A hostile work environment is a cancer to the workplace. Just about the only people who expect a hostile work environment are members of the military serving on the front lines of conflict. Even then, they take precautions to minimize the hostile nature of their jobs.
Unfortunately, more than just soldiers face a hostile work environment every day. The hostility they experience thankfully is not physical in nature. However, workplace harassment is prevalent through society.
Three examples of a hostile work environment are as follows:
It is NEVER acceptable to yell at a co-worker, boss or subordinate. Besides a physically hostile work environment, yelling is the worst example of workplace harassment.
Nothing can be more demeaning to an employee than receiving a tongue lashing from a boss. It should NEVER occur. It does though and there are actions to take if it does.
Another prevalent example of workplace harassment that causes a hostile work environment is verbal ridicule. The ridicule is not in the form of yelling but instead in inconsiderate, degrading comments.
Healthy and constructive criticism is necessary. It’s even desired by most employees. On the other hand, being torn down emotionally and intellectually is considered harassment. People who take this approach should not be allowed to stay in the workplace.
A popular form of workplace harassment is to make an employee feel unwanted or unneeded by not talking to or not giving work to that employee. In essence, that employee is left to feeling forgotten and unwanted.
We do this because we feel like it’s the easiest, non-confrontational way to deal with an employee. Isn’t that sad? What happened to talking with a person constructively?
Have you experienced workplace harassment to the point you feel like you’re working in a hostile work environment? Have you witnessed it? If you have experienced or witnessed workplace harassment, follow these tips:
1. Confront the harasser – Confrontation is never easy or enjoyable. However, it is necessary. In some cases, the guilty party may not realize how their actions have been perceived. Confronting a harasser (gently and with kindness) may be the first indication to this person of how detrimental his/her actions have been.
In other cases, confronting the harassing co-worker or boss will help portray you more as an equal, rather than as a subordinate. The harassment may just cease altogether after just one instance of you standing up for yourself.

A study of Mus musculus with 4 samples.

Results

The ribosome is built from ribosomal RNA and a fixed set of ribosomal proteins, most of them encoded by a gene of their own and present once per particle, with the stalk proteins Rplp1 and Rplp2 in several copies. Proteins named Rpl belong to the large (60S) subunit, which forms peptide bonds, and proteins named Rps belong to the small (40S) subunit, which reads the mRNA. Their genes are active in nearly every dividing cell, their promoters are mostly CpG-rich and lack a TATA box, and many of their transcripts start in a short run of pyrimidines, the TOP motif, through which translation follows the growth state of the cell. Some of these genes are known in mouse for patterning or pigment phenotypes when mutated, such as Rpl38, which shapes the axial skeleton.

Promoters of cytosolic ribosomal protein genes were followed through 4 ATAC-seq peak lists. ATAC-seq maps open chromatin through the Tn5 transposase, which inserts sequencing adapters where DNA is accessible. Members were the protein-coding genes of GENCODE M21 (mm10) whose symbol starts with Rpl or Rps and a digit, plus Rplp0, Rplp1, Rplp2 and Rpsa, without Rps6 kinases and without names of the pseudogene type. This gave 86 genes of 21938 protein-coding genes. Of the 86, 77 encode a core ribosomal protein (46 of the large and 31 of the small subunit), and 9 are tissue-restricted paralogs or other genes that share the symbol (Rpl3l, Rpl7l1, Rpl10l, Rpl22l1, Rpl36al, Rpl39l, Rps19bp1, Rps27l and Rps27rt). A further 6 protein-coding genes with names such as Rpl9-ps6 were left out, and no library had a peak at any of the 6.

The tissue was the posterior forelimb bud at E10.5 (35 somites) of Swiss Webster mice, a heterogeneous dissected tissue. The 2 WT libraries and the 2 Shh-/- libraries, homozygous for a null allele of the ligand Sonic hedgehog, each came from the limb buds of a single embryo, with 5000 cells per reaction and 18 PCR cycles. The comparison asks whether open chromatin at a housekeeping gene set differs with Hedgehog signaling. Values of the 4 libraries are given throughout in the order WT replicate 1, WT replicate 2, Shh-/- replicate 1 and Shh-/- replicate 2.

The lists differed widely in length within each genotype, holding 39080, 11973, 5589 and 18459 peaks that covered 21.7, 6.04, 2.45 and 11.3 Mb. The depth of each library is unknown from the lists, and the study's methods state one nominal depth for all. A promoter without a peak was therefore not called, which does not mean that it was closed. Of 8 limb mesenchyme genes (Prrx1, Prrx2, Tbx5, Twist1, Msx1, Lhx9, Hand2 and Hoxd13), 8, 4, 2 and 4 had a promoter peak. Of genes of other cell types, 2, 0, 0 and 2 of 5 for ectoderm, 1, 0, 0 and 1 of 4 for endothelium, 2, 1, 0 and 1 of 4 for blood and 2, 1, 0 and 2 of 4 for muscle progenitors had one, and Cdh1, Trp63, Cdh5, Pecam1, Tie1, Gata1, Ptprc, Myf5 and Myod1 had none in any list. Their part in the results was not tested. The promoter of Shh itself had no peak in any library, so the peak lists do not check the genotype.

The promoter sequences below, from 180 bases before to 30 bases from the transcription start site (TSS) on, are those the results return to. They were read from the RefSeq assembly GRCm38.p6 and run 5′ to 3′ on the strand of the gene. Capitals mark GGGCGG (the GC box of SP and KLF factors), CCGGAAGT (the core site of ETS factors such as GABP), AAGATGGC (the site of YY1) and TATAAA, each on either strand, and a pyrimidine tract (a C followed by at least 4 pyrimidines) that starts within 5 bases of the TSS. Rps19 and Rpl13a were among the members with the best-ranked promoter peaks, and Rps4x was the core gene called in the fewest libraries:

2. Confront again – If you are truly being harassed by someone who is intentionally creating a hostile work environment, the initial confrontation will not stop him. If the harassment continues, you need to confront the accused again.
Just as the first time, be as kind as you can. But, use more forceful words to demonstrate your sincerity.
3. Document – As with anything related to a potential legal issue, documentation is the key. If the workplace harassment continues after the second confrontation, start documenting every instance of experiencing a hostile work environment.
Documentation should be as detailed as possible. Write dates, times, witnesses, etc. Witnesses will be the most influential and important cog in this harassment wheel.
Hopefully, you never will have to use this documentation but you need it none the less.
4. Go above – If you continue to suffer from the hostile work environment because the harassment doesn’t stop, you’ve got to go up the ranks. You will need to either tell your boss or your harasser’s boss about the issue.
Workplace bullying can simply (but not all the time) be a power play. Those who have power sometimes like to abuse that power. If you go above that person in the chain of command, the power play is reversed.
5. Human resources – Depending on how large your company is, the Human Resources department may need to be your next stop. HR departments in large companies wield a lot of power and can emphasize issues when warranted.
If you go to HR, be aware that you will likely be asked to file a formal complaint and a formal investigation should occur.
Don’t be afraid about the investigation if you are not at fault. You have the right to work in a non-hostile work environment so an investigation will just help solve the issue.
6. Seek legal action – Hopefully legal action is your last resort. If you get to this stage, someone else in your workplace has neglected his/her duty to provide a safe and non-threatening place of work.
You will need to provide all of your documentation, including each step you took to help resolve the workplace harassment issue.
A hostile work environment should not be feared. We have rights to not be harassed, to be free of fear of physical, emotional or spiritual harm.
You can keep a hostile work environment from having a life-long impact on you. You deserve to enjoy your job and be the shining light others need so they can enjoy theirs.
While these steps should not be considered legal advice, the six steps above are a good place to start. If we all work together, workplace harassment and bullying can be stopped.